An MSer’s perspective the MS-Chariot meeting. #GuestPost #ThinkHand #MSChariot
Last week, I attended the first MS Chariot meeting at St Barts. Around the table were about twenty of us – mostly neurologists from the UK and abroad, health researchers, an MS Society representative and a few of us MSers – all there to discuss the possibilities, funding, treatments and yes – frustrations – of those with advanced MS who have traditionally been overlooked in the quest for disease modifying drugs.
This was made all the more apparent at the start of the day when Craig Milverton sat down at a piano and began playing a handful of songs by George Gershwin, Cole Porter and other jazz greats.
Playing is the key word here.
You see in 2010, the very year Milverton was named Jazz Pianist of the Year, he was diagnosed with PPMS. With each passing month, his symptoms got worse. His walking deteriorated, his fingers became more and more numb and he began missing notes on the piano. His career as a pianist was over, he thought.
Then in 2012 he was able to get on ocrelizumab – an experimental drug currently being assessed for drug licensing by the EMA for RRMS and PPMS. Almost immediately after his first infusion he started to feel better. Since then, his symptoms have stabilised and he has been able to continue playing across the country.
Craig is one of the lucky ones. Until very recently, it was thought that a person with advanced MS – with an EDSS score above 5.5 and requiring a walking aid – would not benefit from a disease modifying treatment (DMT). It was not quite “Diagnosis and Adios,” but pretty close.
Why? Selective interpretation of trial data, too much focus on EDSS scores as a key outcome, a belief immunotherapy did not work “beyond the wheelchair,” regulatory process, cost and numbers. Advanced MS is uncommon. Only 10-15% of MSers are initially diagnosed with it.
Such a belief also meant that for those with advanced MS preserving upper limb function was not seen as a priority. But if you think about it, what keeps pwMS independent is their arms and hands. When you lose the ability to walk – that is bad enough. But at least with your hands, you are able to get into your wheelchair, dress yourself, clean your teeth, feed yourself, make a telephone call, use a keyboard, self-catheterize, work a remote control… Lose that and your quality of life plummets.
Thankfully this mindset is starting to change. “At the moment, there are no established options for advanced MS, but emerging therapies are offering hope,” said Cris Constantinescu, a neurologist from Nottingham University, to the group.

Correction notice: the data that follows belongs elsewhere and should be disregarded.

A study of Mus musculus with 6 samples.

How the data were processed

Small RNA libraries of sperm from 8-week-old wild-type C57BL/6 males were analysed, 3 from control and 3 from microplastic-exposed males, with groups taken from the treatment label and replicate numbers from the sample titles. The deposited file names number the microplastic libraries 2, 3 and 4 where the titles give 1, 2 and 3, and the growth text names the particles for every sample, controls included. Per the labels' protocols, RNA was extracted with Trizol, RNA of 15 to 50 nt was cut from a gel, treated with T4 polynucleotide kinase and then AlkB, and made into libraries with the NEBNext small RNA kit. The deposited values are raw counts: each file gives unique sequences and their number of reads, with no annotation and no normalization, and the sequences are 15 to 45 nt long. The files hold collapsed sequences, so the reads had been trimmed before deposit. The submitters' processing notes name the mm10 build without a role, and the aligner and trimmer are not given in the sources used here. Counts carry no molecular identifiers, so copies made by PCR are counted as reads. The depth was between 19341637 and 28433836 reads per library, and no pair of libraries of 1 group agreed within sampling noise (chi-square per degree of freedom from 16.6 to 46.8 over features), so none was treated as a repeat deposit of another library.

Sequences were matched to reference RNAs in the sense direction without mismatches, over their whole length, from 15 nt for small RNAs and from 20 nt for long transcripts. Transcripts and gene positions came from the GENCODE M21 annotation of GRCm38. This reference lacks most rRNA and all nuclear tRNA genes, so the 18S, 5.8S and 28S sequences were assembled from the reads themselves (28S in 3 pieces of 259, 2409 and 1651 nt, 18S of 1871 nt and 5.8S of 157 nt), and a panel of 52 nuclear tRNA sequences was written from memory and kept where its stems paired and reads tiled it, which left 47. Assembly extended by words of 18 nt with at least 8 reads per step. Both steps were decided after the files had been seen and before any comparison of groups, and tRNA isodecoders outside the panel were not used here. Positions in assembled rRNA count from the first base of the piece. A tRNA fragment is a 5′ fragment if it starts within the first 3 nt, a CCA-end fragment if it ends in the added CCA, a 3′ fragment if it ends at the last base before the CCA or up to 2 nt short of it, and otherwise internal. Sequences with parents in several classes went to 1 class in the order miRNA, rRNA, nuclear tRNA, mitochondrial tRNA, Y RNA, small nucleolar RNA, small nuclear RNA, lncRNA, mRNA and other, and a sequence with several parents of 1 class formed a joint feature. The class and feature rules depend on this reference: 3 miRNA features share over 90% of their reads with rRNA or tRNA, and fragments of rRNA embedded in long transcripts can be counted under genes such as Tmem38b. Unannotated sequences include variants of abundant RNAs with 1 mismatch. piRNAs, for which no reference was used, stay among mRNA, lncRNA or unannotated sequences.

For Dr. Klaus Schmierer, a neurologist at St Barts who organised the forum, real promise lies in cladribine, a drug traditionally used for the past 25 years to treat hairy cell leukemia, but which has also proved to be highly effective in treating RRMS. As an MS drug, it has many advantages. It is safe, easy to use, convenient – it is an injectable but also comes in tablet form – and cheap as it is a generic drug.
Intriguingly, there is also evidence, dating from the early 1990’s, that cladribine may also slow advanced MS. At the moment, about one hundred patients at the Royal London Hospital with advanced MS – who have failed other therapies – are using it and finding it effective. “It meets the needs of some patients for whom we have little to offer,” says Schmierer. But definitive trials are lacking, a source of frustration for Schmierer, who is currently looking for funding.
Another MS drug which offers hope is rituximab, an injectable, which works in a similar fashion to ocrelizumab. Though the NHS has declined to fund rituximab for the treatment of MS in the UK – citing insufficient trial results – Swedish neurologists have been using the drug for RRMS and advanced MS for more than a decade. “It fulfilled an unmet need and there were fewer options available for advanced MS,” said Frederik Piehl, a neurologist from the Karolinska Institute. In Sweden, he said rituximab has been found to have been highly effective and well tolerated. However in the UK, neurologists are not allowed to prescribe it for their patients.
By the end of the day, it had become apparent that there were no one-off easy answers regarding treatment options for those with advanced MS. The challenging nature of treating MS, plus wrangles over drug licensing, potential funding and drug company priorities ensures this However there was a feeling that, at least, attention is finally being focused on those with advanced MS who might have been previously ignored. Studies have shown – and as Craig Milverton apply demonstrated – advanced MS is modifiable. Now it is key to get the rest of the community on board.
As Aisling McMahon, head of clinical research at the MS Society, said: “We are very aware that progressive MS is the greatest area of unmet need.”